Because we can’t take our Early Learning Nation Studio on the road during this time, stay tuned as ELN recaps Top Takeaways from important webinars, town halls and virtual events from the Early Learning field. Read them all and join the conversation! And visit our Early Learning Nation channel on YouTube for interviews with leaders from education, child development, business, politics and more.


Promise Venture Studio discovers for-profit and nonprofit early childhood development entrepreneurs from around the country and connects them to funders, experts, researchers and policy makers who can support their ambitions. The Show+Tell webinars provide a forum for the innovators to make their pitches and invite attendees to connect with them afterwards.

Their July 15 event focused on solutions for the perinatal phase, which goes from pregnancy through the first year postpartum. Nine innovators presented, then a roundtable zeroed in on Colorado’s recently passed package of birth equity bills, which highlighted how social entrepreneurship can drive policy innovation.

👉 View the event

Promise Venture’s Vance Lewis (Senior Program Manager) and Awara Mendy Adeagbo (Head of Strategic Initiatives) moderated the virtual event. Adeagbo referred to her personal health journey on the way to giving birth to her baby son last year, saying, “Having a positive birth outcome should not be a matter of luck. The maternal and infant health crisis… is unconscionable and it’s preventable. We can turn this tide by centering the perspectives, experiences and needs of BIPOC communities in a strength-based, holistic way.”

Here are our takeaways from Show+Tell: Birth Equity & Justice:

1. The history is shameful. According to the Centers for Disease Control and Prevention, Black moms are dying at 3 to 4 times the rate of their White counterparts. The statistic is the product of a long history, from slavery and Jim Crow through the disinvestment and policy choices of today. In recent decades, politicians and the media have, in essence, blamed the victim through a narrative that questions mothers’ decisions.

According to Kiley Mayfield of the National Birth Equity Collaborative, this focus on individual behavior has distracted us from systems of oppression that have been in place throughout the nation’s history. Marqi Taylor, founder of Philadelphia’s Birth Brown Cooperative called out “centuries of racial malpractice” that have led us to the point where people of color often don’t trust the medical institutions where they live, which is why activists have formed alternative communities.

2. Birth centers and doulas listen to women and birthing people. Birth Center Equity’s mission is to develop “abundant community birth infrastructure.” Safe, culturally relevant midwifery, explained Leseliey Welch, improves maternal health outcomes and reduces the number of caesarean deliveries. Char’ly Snow of Birth Detroit said birth centers not only save lives, they reduce insurance costs by $2000 per birth.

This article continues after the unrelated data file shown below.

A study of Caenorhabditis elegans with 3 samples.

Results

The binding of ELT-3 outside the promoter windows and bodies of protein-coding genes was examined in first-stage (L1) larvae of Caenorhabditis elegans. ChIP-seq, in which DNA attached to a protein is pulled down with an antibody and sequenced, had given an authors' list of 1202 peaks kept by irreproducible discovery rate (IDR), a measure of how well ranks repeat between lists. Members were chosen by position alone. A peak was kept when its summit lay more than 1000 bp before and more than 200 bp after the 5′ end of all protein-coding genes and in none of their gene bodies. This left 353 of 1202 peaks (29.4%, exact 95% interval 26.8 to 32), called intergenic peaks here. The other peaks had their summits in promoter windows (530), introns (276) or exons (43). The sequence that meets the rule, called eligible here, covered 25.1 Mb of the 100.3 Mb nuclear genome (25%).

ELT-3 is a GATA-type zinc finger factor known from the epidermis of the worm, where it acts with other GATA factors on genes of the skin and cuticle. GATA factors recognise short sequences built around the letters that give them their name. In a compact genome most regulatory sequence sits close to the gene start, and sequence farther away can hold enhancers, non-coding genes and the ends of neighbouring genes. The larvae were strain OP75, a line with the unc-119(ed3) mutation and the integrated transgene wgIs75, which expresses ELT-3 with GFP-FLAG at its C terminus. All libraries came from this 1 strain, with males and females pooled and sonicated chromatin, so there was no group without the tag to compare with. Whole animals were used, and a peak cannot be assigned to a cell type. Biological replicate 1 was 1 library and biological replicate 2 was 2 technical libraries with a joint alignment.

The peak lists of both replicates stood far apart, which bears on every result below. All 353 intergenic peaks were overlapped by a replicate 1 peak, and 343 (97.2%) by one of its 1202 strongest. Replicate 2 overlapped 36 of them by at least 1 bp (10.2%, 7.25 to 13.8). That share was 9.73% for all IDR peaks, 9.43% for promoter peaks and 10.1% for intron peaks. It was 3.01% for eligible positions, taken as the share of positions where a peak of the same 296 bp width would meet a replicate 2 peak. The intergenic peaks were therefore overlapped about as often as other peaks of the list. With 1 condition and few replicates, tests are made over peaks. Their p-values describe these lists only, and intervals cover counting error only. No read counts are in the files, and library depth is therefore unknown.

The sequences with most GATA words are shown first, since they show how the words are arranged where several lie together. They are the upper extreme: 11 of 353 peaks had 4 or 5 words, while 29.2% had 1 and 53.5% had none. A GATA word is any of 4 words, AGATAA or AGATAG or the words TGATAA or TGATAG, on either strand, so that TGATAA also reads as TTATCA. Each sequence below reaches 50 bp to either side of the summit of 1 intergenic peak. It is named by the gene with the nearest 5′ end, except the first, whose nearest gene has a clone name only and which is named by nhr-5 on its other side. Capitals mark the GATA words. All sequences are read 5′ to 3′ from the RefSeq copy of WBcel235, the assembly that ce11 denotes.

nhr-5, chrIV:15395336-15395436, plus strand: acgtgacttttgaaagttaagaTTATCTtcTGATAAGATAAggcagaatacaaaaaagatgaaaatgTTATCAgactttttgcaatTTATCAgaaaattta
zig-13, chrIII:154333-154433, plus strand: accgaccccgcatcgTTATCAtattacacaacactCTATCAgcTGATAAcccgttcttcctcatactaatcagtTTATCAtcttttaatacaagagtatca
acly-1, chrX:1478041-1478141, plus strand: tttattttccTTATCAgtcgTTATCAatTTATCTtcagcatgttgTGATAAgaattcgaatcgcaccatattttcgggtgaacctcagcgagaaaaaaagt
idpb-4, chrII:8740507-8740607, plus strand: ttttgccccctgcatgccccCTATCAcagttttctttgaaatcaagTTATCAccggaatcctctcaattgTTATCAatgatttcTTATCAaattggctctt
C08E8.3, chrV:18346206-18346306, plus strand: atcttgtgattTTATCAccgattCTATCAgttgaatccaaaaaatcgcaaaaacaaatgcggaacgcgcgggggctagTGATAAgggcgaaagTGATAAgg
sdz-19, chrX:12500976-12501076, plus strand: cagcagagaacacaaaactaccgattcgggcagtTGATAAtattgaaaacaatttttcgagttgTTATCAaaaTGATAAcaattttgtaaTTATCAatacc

The solution isn’t expensive technology but rather caring, trusting relationships. Twylla Dillion of HealthConnect One and Tia Murray of Harambee Village made similar arguments for birth doulas who help women navigate the experience, advocate for them and make them feel supported.

3. Data counts—but what kind? Echoing Lewis, who cited the human right to “maintain personal bodily autonomy,” Kimberly Seals Allers, of Irth (that is, the word Birth minus the B for Bias) declared, “Bias-free care should be a human right.” Describing the Yelp-like app for pregnancy and new motherhood, Allers asserted, “Community-driven feedback loops lead to more respectful and equitable maternal and infant care.” Tracy Warren of Astarte Medical made the case for better data informing decisions in government and by institutions.

4. Let communities lead. On July 6, the State of Colorado signed a groundbreaking package of birth equity bills establishing basic human rights standards in perinatal care for all people (including those who are incarcerated), aligning perinatal care data and systems for equity and continuing the Direct-Entry Midwifery program. (According to the National Midwifery Institute, a Direct-Entry Midwife is “an independent practitioner educated in the discipline of midwifery through apprenticeship, self-study, a midwifery school, or a college/university-based program distinct from the discipline of nursing.”)

Show+Tell celebrated the work of Elephant Circle, which championed the package. Founder and director Indra Lusero stressed the importance of listening to community members and letting their priorities dictate strategy.

5. Stay tuned for further progress. Activists and advocates continue to push for local and national solutions. Joy Spencer of Equity Before Birth talked about building dignity through income supports where paid parental leave is missing. Led by Alma Adams (D-NC) and Lauren Underwood (D-IL), the U.S. House of Representative’s Black Maternal Health Caucus recently unveiled the Black Maternal Health Momnibus Act. The legislation aims reverse the tragic history of BIPOC perinatal health through targeted public investment.

Mark Swartz writes for and about nonprofit organizations. He lives in Takoma Park, MD, with his wife and two children.